The Case for White Curiosity
Interrogating the Devastating Legacy of White Supremacy in America
Like many white Americans, I’ve spent much of my life tiptoeing around the subject of race, and trying to uphold a kind of Hippocratic oath: do no harm, give no offense. After all, I have a faint southern drawl—left over from my childhood in Georgia—and when talking with people of color I seldom forget that I wear the face not of slavery’s victims or bystanders, but of its white, male perpetrators. For a long time, I approached discussions of race with anxiety, both in person and on the page.
Meanwhile, most of the African-American writers I knew were deeply engaged in the struggle for racial equality, and they clearly felt a duty to write books that might awaken white America from its long sleep of ignorance and indifference. As a young man I clung to the maxim “write what you know,” and since I had no firsthand experience of police violence, employment and housing discrimination, and a thousand other forms of overt and covert bigotry, racism always seemed like territory that belonged to writers of color, but not to me.
Then, nearly a decade ago, my friend Natasha Trethewey—who would go on to become US Poet Laureate—grew impatient with my polite reticence, and asked me a startling question. Why was it that she, a woman of color, wrote so often about blackness, yet I, a white man from the rural South, never said a word about whiteness? “Why,” Natasha asked, “do you think race is only a subject for black writers? Why do you think you’re not involved?”
That moment changed my life, and during the long conversation that followed, Natasha seemed to grant me both permission and an obligation to tell my own story of race in America. For me, that assignment led inevitably home—back to the little town of Cumming, in Forsyth County, Georgia, where I grew up. From the time I was a schoolboy there, I had heard a kind of ghost story, about how “a long, long time ago” the entire black community of the county was “run out” by gun-toting, torch-wielding night riders, after three black men were accused of raping and murdering a white girl. The tale kids told in the back seat of the school bus was always vague and mythic—and so I often wondered if the vanished black people of Forsyth were only a legend. But in the wake of that conversation with Natasha, I finally began searching for the truth, and I soon learned the violent racial cleansing of 1912 was no fable. It was a terrible fact.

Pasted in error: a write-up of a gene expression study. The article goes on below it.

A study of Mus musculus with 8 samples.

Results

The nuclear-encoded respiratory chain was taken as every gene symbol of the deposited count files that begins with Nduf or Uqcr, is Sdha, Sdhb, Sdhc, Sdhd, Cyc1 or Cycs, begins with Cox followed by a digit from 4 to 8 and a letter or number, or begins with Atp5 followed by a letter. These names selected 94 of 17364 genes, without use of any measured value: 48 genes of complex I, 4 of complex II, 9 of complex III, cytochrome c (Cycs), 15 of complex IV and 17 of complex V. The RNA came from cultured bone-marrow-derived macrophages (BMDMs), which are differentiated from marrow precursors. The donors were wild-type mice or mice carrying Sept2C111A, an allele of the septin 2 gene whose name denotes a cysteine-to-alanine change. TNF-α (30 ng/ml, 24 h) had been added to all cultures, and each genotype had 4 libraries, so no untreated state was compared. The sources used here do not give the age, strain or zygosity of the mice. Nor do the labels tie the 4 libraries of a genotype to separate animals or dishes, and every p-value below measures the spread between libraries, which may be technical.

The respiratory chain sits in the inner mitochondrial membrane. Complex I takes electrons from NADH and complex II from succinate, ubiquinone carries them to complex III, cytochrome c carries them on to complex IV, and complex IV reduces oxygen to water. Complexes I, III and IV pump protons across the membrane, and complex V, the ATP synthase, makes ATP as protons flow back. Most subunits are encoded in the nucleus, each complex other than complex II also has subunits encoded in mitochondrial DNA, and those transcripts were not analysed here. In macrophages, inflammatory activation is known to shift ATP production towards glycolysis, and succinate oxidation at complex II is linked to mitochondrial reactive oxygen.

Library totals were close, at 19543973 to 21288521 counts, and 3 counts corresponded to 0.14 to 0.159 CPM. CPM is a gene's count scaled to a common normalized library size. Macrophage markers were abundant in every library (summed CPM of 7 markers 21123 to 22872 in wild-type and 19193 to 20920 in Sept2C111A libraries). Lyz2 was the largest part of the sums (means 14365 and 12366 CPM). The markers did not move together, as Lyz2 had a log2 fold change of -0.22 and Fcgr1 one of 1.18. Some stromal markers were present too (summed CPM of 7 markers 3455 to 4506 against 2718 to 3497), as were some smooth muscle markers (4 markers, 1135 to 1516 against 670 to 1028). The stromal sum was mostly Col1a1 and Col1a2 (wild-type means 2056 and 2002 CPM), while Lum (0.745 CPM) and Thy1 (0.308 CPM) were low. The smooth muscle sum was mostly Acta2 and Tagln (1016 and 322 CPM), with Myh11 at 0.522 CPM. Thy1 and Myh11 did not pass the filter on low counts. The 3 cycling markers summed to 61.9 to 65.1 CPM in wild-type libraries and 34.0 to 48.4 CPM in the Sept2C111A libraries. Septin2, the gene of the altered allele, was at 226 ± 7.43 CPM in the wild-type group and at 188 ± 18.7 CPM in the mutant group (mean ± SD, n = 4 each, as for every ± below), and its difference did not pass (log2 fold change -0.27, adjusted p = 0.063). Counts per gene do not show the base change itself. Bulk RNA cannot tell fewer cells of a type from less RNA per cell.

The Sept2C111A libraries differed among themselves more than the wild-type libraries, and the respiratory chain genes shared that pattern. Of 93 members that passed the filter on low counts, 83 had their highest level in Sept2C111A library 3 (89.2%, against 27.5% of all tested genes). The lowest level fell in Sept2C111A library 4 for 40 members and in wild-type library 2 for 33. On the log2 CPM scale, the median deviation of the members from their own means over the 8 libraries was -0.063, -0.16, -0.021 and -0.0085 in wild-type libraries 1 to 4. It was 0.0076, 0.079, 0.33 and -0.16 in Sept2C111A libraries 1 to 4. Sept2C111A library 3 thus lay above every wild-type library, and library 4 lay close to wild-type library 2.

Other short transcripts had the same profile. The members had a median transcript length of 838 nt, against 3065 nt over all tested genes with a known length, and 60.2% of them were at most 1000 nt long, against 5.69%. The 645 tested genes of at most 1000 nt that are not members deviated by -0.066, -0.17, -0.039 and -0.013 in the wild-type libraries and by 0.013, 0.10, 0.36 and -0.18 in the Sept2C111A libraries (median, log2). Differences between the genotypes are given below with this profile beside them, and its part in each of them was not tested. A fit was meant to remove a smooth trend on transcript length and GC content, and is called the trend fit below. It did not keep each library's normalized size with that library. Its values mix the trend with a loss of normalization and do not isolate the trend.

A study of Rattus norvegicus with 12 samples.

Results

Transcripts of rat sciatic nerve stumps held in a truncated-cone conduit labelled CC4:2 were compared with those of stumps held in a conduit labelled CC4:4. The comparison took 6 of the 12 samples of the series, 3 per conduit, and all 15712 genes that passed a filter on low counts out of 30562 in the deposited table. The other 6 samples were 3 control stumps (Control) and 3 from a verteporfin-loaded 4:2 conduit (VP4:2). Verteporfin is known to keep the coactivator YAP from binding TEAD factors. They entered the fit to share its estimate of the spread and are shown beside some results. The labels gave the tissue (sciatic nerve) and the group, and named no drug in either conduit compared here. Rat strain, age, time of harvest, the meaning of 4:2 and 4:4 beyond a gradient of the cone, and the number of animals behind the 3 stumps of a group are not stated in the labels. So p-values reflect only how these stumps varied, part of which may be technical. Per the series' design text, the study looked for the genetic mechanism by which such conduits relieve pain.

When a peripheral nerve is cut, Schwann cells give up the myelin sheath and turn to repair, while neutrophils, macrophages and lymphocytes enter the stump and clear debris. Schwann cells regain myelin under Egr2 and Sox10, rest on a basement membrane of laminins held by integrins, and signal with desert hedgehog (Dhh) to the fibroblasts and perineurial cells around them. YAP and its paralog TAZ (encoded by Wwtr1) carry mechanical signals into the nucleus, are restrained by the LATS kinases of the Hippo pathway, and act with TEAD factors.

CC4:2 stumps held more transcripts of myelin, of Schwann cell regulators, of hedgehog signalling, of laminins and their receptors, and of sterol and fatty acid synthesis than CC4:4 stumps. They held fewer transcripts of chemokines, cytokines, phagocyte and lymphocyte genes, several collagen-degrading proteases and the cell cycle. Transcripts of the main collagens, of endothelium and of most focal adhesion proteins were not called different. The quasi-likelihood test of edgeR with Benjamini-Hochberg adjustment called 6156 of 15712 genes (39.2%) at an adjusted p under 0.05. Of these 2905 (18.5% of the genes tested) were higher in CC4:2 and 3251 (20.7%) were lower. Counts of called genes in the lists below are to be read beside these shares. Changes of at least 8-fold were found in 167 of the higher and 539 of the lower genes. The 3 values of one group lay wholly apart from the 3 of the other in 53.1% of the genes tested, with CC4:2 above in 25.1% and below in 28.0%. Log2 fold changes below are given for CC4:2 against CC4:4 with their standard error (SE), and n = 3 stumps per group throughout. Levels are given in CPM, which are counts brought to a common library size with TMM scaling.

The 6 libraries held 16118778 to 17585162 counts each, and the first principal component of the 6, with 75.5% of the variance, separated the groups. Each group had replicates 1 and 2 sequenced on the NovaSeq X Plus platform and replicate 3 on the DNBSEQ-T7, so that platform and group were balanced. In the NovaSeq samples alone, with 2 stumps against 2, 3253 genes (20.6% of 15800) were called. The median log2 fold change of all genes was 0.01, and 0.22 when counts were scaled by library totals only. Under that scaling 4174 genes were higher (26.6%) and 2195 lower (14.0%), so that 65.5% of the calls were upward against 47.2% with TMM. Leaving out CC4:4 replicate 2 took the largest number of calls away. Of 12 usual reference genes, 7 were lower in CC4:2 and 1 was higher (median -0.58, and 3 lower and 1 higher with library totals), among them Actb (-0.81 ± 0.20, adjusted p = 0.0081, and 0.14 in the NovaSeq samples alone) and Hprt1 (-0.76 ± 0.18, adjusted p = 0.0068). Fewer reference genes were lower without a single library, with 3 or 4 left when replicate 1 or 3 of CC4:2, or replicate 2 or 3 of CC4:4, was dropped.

Using old newspapers, maps, land deeds, letters, diaries, and military reports, I gathered a mountain of evidence showing not just that the expulsions occurred, but where, when, how, to whom, and by whom. I even managed to interview descendants of the African-American families who were forced out, and I was shocked to discover that many of them had relocated only a few miles across the county line, and lived in houses I had driven past many times as a teenager. All through my childhood and adolescence, the real story of the racial cleansing had been hiding in plain sight, and preserved in the memories of old men and women who could have told me—if I had only asked—all about the bands of white men who shot into sharecroppers’ cabins, set fire to churches, and turned Forsyth into Georgia’s most notorious “white county.”
In his essay “The Case for Reparations,” Ta-Nehisi Coates has argued that the U. S. government should compensate African Americans not just for the generalized injustice of slavery, but also for more recent, documented racial crimes—like the campaign of terror that drove out all 1,098 black residents of Forsyth in 1912. “We have the maps, we have the census records,” Coates has said, reminding his critics that our courthouses are filled with evidence of the plunder of black property by whites. In Coates’ view, one of the main obstacles to racial justice is white incuriosity about the crimes of the past.
I know Coates is right, because I spent much of my life in exactly the kind of amnesiac state he laments, and when I finally began probing beneath the surface of my home’s prosperous, “All-American” white veneer, I found the soil rich with the ashes of black farmhouses, black schools, and once-thriving black churches. Where now Forsyth is home to gleaming corporate headquarters, sprawling medical centers, and manicured subdivisions, there was once a community of earnest, hardworking African-American farmers, whose land was slowly, quietly transferred to white neighbors in the years after the purge.
My book Blood at the Root tells the full story of the racial cleansing, and after searching for the traces those events for nearly a decade, I can now see that my long silence on the subject of race wasn’t respectful or polite, as I used to pretend. Instead, like so many others white Americans, I was being woefully, dangerously incurious about the real history of my home.
It took decades before I finally woke up, and began asking the right questions about a story I had simply accepted as a child. And as horrific and painful as it was to learn what the black refugees of Forsyth endured, writing the book also gave me a faint and unexpected glimmer of hope: that truth and reconciliation might still be possible in America, even in places like Forsyth—where white prosperity was built on a foundation of lynching, arson, expulsion, and communal theft.
But to even begin healing those ancient wounds, I believe that white Americans must finally turn and face our profound involvement in African Americans’ struggle for equality, and cultivate a deep curiosity about what really happened in the places where we live. In 2016, as racial strife threatens to tear apart communities all across the nation, white Americans can no longer afford to remain ignorant of how our ancestors’ violent past gave birth to this violent present.
Blood at the Root: A Racial Cleansing in America is available now from Norton.